Out of the Closet

One of the complaints about high-fee mutual funds is that the larger they get, the more index-like they become. There is only so much money one can put to work and so many stocks one can own before the results begin to mimic the benchmark index that is followed. We call that closet indexing.

This Seeking Alpha article describes its best, “There are at least two reasons why a managed fund would look a lot like an index one, one of which is something called career risk. The idea here is that it is ok to be wrong if you’re wrong in the same way as everyone else. I think a good example of this was the extent to which many well known managers were overweight financial stocks five years ago. Another example would be being overweight tech stocks 12 years ago.

Another reason would be size. When a fund has many billions in AUM it becomes difficult to stray from the index because it can’t really buy small stocks, it would have to buy half the company to move the needle for the fund. ”

An investor can calculate the independence of their own mutual fund holdings by measuring the variance between the fund and the benchmark which it follows. A statistical measure called R2 (”r-squared”) notes the percentage that one independent factor plays on another dependent factor. In another words, the fabeled Fidelity Magellan Fund has an 91% R2 as compared to the S&P 500 – meaning that any change in Magellan’s performance can be explained 91% by movement in the index. Almost by definition, Magellan is a closet indexer.

Last weekend’s Barron’s notes a measure called “Active Share” in an article named, Is Your Fund Manager Active Enough? The article refers to a paper written by two colleagues at the Yale School of Management. The 2009 study found that, between 1990 and 2003, funds with active share of at least 90% — meaning that no more than 10% of their portfolios mimicked the benchmark — outperformed by 1.13 percentage points after fees. Funds with active share below 60% consistently underperformed by 1.42 percentage points a year, after accounting for fees. Note that the “average” could be skewed by large outliers. The study also found that focused funds tend to have high active share, as do funds that invest in small- and mid-sized companies. The size of the fund itself is another factor — those with more than $1 billion in assets tend to have a tougher time maintaining high active share. The 25 largest funds vary in terms of Active Share.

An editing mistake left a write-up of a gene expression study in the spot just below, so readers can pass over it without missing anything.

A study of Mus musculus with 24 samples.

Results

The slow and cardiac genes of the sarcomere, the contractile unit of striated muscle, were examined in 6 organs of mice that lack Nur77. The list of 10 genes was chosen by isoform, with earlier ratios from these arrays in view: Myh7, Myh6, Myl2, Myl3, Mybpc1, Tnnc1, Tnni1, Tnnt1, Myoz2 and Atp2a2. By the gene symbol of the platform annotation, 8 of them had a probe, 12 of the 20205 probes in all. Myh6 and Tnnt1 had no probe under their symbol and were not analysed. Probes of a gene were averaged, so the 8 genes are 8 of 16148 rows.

The article highlights Bruce Berkowitz, the manager of Fairholme Fund (FAIRX), which tops the list of large-company funds with the highest active share. In 2012, Berkowitz’s strategy beat 99% of his peers. Over the past three years, however, Fairholme has trailed 99% of its peers. It was down 32% in 2011. Fairholme is a highly focused fund and its slogan is “Ignore the Crowd.” Its top 10 holdings make up 86% of its assets. AIG represents 32% of the total holdings. Concentrated funds tend to rank among the highest for active share, but a focused fund isn’t necessarily an active fund. Fairholme has nearly 100% active share, and 75% of its portfolio is in financials. It’s up to the investor to decide if that is worth paying for. We are highly supportive of concentrated portfolios. Although it allows portfolios of any user-direct size, The Bloodhound System defaults to portfolios of 10 stocks. The question becomes, is it worth a 1% management fee? With no 12b-1 or administrative fees, the Fairholme Fund is on the low side for mutual funds.

According to the article, the study also confirmed what most experts already knew — that small- and mid-cap funds are less likely to resemble their benchmarks. It’s not just the sheer number of companies in small-cap indexes but the fact that small-cap indexes tend to be relatively flat, while large-cap indexes tend to be top-heavy. For this reason large-company managers who want to buy any of the biggest stocks in an index will see their active share tumble.

The asset allocation process for equities has changed considerably over the past four years, and will likely continue to change as individual investors begin to further study how managers are investing their capital. In turn, individual investors are taking a more proactive role in contrast to the fact that fund managers are taking a more passive role.